Planning for clients’ kids


A typical middle income family will spend around $812,000 to raise two children, according to the latest AMP.NATSEM Income and Wealth Report.

AMP Financial Services managing director Craig Meller questioned the larger implications of the findings: “If the proportion of income devoted to raising children is double that of actual income growth, what will the picture look like in the future and what does a scenario like this mean for other areas of our life, such as our retirement?”

Two important driving factors in the price are that families are devoting more resources to private school education and child care, and the prices paid for these services are also increasing sharply.

How much should your clients budget for weekly?

It costs parents five times more to support an 18-24 year old than a 0-4 year old.  For low income families, a 18-24 year old will set them back $483 per week compared to $86 for a 0-4 year old, while for middle income families a 18-24 year old costs them $678 per week compared to $133 for a 0-4 year old. For each income group the cost of raising a child increases as the child gets older.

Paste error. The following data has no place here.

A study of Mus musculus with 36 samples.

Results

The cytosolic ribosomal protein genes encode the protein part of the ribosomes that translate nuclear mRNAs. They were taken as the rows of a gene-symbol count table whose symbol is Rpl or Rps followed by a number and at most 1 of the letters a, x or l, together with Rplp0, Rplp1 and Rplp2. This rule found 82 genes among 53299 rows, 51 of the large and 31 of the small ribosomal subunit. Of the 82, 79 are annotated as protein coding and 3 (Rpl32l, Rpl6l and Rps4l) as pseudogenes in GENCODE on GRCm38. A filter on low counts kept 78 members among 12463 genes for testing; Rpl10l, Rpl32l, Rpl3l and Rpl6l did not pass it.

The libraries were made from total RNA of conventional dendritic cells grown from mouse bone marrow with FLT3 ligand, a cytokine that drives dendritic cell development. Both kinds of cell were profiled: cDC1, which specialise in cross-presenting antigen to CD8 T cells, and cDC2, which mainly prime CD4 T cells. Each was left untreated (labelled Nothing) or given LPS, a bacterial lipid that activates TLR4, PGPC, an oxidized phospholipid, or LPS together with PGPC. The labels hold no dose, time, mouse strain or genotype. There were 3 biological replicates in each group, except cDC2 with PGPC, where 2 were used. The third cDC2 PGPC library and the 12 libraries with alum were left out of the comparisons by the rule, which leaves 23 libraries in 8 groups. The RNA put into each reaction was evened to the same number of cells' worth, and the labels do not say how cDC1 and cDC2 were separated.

Should the second income earner return to work?

The often high cost of child care, coupled with the loss of government benefits and having to pay income tax can impact whether a secondary income earner will return to work. Over the first 19 hours of work, for every dollar earned, 60 cents in the dollar is lost to lower government benefits, higher personal income tax and child care costs.

Where does the money go?

  • Food: Low income families spend $89,000 on food for two children from 0-24; High income families spend up to $167,000 on two children over the same period
  • Transport: For low and middle income families transport is their biggest cost at $97,200 and $159,000 of a total household bill of $474,280 and $812,043 respectively
  • Clothing: Across all income groups, the cost of clothing accounts for about 7% of the total household budget
  • Recreation: Middle income families spend 12% of their total budget on recreation
  • Education: High income families spend 26% of their household budget on child care and education, compared to low and middle income families who spend 6% and 12% respectively. High income families spend $10 on their child’s education and child care to every $1 low income families spend.